Tags are good, but what about smileys, emoticons, the thing where the user types :-) and sees a little smiley-face icon appear in the output? NBBC includes full support for smileys, and includes a default selection of 30 fairly common ones. (You can find a full list of the standard smileys in the appendix.) But if those 30 aren't enough for you, installing your own is easy.
First, the smiley you want to add must be a PNG, GIF, or JPEG image file; browsers can't handle other file formats. Upload your image to the server, and then copy it into the smileys/ directory.
Then you'll have to choose a name for your smiley: You'll have to choose what people need to type to see it. Simple smileys like :-) are easy, but what if yours is a picture of, say, a dog driving a car? For complex smileys like this that can't be readily described by a simple symbol, most users generally prefer to use a short keyword surrounded by colons, like :dogcar:. Let's add the :dogcar: smiley so that NBBC will convert it into "dogcar.png":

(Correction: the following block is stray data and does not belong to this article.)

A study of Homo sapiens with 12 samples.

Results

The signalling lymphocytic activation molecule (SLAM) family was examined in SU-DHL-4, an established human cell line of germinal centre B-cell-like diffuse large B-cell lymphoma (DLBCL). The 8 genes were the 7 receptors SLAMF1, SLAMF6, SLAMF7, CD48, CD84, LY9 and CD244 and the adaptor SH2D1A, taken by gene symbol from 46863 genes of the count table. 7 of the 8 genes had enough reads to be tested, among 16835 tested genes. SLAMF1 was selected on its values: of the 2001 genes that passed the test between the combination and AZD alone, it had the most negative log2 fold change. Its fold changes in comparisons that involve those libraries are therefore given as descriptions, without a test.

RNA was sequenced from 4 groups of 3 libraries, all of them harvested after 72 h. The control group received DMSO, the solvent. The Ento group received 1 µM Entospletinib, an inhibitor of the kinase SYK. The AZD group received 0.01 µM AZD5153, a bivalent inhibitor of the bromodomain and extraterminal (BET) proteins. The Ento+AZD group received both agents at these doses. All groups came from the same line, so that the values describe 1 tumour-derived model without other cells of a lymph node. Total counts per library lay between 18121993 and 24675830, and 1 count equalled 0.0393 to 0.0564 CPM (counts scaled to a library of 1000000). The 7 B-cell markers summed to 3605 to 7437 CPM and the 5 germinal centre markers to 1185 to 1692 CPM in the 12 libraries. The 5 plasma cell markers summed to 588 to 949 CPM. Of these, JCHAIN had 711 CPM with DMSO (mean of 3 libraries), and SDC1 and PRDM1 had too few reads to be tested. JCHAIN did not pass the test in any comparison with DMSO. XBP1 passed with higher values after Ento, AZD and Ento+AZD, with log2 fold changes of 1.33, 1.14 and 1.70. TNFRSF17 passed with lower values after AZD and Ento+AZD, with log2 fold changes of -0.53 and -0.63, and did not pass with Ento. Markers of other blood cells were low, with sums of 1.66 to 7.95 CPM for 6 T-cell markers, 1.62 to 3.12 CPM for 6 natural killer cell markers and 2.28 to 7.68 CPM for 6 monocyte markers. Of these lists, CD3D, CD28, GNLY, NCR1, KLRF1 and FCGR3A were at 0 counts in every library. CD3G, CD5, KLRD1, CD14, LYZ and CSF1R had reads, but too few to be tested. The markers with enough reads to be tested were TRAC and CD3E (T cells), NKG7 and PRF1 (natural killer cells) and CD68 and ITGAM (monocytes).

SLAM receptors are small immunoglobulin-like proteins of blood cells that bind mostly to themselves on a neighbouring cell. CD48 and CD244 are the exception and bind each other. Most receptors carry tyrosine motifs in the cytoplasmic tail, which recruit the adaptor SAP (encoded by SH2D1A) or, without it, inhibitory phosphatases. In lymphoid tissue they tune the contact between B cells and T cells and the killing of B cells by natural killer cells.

That's all it takes; the :dogcar: smiley is now available!
For what it's worth, your smiley codes may include every character on your keyboard except for space, [, and ], which are all used by other things. Generally, you should never use smileys shorter than two characters long, and even that's probably too short, with some exceptions. And NBBC is smart enough to know that if :D and D: are smileys, it should not convert PAID: or :DUDE: just because they look like they have smileys in them: Any smiley that butts up against an alphanumeric character (or underscore) will not be converted to an image.
While you can register any sequence of characters as a smiley, it's usually a bad idea to register something that might be a commonly-typed word. For example, registering 83 is probably a bad idea, simply because the number "83" is likely to eventually appear in text somewhere. The last thing you ever want to see on your site is something like this:
people died in that plane crash.
This is why most unusual smileys on most sites are done with keywords surrounded by colons: If this smiley had been registered as :goofygrin: instead of as 83, this tragedy might have been averted.
So it's up to you what smileys you register, but be careful: Your smileys may have unintendend consequences if you don't think carefully about how they might be used.